No. 7 Time to bait your own hook.

No. 7 Time to bait your own hook.

No. 7 Time to bait your own hook. 800 800 Keir Tayler

Time to bait your own hook.

A desperate Knight, in search of his true self and in order to find such, must rid himself of the rusty armour in which he was encased. The armor that had served well the purpose of the warrior in combat has become a prison in normal “peacetime” relationships. In order to begin ridding himself of this heavy armour, the knight must encounter his own pain. A pain brought on by the effects of war.
The knight had lived in his armor so long he had forgotten how everything felt without it. It was like a cocoon. It took a tremendous blow to his head by the ‘blacksmith with an axe’, or by ‘Juliet with the nearest vase’, before he noticed even a twinge of his own pain, the pain of others went unnoticed as well.
The proverbial blow to the heads bring us to our senses.
What is at the core of this soul or sense sickness?
There is a “tear” in the masculine soul – a gaping hole or wound that leads to a profound insecurity. Society has torn the soul of the male and into this tear, demons have fled – demons of insecurity, selfishness, lack of identity and despair. Masculinity is no longer respected, or lived. Consequently men do not know who they are, rather they define themselves by what they do, told what to be, who they know and what they own.
Does he blame society, woman movement, politically sensitive definitions, or even the failures of his father.
Death of fallen man is essential to finding life, Gal 2:20
Knights/soldiers would tell you what society does not know that. As one war veteran said, “Profound moral distress is the “real horror” of war, yet its effect on those who fight it is rarely discussed. In a war, in a firefight, you’re both victim and perpetrator at the same time. At its heart, a trauma, and especially a war trauma, leaves a wound to the human spirit. When I came back, my spirit was pretty well shredded and ripped. I’m wounded but am not slain, I will lay me down for to bleed a while. And go again”.
The unhealed wounds of men are more devastating on other men, than upon women. They become hunters of others – in themselves. They lost something out there somewhere and are still looking for it.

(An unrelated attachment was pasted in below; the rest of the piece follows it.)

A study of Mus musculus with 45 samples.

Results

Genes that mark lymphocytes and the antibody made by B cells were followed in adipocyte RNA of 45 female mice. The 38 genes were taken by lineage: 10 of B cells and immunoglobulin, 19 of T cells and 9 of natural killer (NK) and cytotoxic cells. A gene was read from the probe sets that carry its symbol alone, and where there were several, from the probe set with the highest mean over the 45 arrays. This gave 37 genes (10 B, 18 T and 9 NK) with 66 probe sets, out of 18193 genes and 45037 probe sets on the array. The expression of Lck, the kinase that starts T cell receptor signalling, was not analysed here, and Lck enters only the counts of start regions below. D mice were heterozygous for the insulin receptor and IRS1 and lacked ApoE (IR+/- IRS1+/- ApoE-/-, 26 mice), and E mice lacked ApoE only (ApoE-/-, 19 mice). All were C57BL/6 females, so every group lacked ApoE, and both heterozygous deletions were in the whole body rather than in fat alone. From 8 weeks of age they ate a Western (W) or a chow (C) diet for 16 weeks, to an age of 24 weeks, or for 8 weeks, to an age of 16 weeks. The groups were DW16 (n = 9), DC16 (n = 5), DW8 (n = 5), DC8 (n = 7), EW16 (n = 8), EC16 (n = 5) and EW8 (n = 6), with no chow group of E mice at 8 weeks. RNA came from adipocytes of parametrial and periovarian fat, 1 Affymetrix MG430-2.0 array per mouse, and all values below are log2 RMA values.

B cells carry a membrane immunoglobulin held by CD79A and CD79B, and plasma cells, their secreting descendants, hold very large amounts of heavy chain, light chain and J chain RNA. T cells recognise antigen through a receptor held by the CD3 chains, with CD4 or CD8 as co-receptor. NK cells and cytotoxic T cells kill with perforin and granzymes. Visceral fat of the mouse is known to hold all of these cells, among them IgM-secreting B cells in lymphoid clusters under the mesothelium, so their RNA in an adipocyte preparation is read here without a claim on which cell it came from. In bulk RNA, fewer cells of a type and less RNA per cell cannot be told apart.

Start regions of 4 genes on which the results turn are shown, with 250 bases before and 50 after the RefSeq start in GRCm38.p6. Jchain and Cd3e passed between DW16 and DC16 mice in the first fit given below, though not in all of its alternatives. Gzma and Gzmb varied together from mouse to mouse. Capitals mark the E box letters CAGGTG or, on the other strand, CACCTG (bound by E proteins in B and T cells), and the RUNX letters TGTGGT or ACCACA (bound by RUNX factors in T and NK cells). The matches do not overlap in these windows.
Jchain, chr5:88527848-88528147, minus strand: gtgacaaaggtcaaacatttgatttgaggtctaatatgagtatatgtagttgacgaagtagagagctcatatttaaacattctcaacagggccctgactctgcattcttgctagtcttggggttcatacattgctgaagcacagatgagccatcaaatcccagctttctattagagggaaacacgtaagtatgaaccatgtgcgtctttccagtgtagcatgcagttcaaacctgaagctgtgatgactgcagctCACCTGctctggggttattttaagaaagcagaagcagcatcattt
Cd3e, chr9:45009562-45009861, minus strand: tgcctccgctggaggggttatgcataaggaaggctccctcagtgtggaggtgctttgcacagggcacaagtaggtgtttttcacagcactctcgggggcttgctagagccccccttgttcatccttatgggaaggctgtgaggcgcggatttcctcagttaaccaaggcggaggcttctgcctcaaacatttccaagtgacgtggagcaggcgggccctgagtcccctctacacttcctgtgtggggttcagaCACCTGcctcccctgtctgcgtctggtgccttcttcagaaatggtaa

“It is time you bait your own hook”.
A young boy goes fishing with his Grandpa. Off to the favorite place, and he baits his grandson’s hook and his own and throws them in. After a while  the boy pulled his line in and found the worm was nibbled away. So he asked his granddad to bait it again, but he said, “No it’s your turn to do it”. Bravely he attempted to put the worm on the hook. It looked so easy when grandpa did it. With one final desperate stab he speared the wiggling worm right through its body and into his finger. There it was, barb and hook deep in the boys finger. Tears, a yell and panic for the little guy as to what was to happen next. Grandpa said, “Don’t cry”; and in one swift moved located some pliers and gently pushed the hook deeper and finally out came the point and barb. He then cut the shank near the eyelid and slid the rest out. All done. Then the blood flowed. He took out his clean handkerchief and wrapped up the trembling little hand. “This happens when men go fishing”, he said. Later that day arriving at home the young boy ran up to his parents showing the good catch of fish and oh yes, the sore finger.

It is painful to watch a young boy become aware that the world is not just joy and happiness, to watch the disintegration of his childlike beauty, faith and optimism. This is regrettable but necessary.
This is a simple story but it illustrates what happens when pain unexpectedly comes and we don’t know how to go through it. Instead we remain in the pain and walk through life with undealt-with hooks in us. We use the experience to justify why we are wounded and therefore are entitled to have extra care because – we have refused to deal with the instant situation. Or we have refused to listen to grandpa’ and grandmas who have gone through things. The result is for the rest of ones life there is never a clear, balanced understanding. All experiences are filtered through ones own failed outcome. So humanity becomes paralysed dysfunctional because we cried and needed to, “don’t cry”.
Some boys give up and never catch fish and become co-dependant for life. They don’t ever go fishing with men again.
Where are those grandpa’s who know what is needed to mature society and a nation?
Have you been taught to carry the pain and wear the scars and get up and go back into it? To be a man is to carry the pain and wear the scars it is a part of life; learn to live with it. Go fishing again.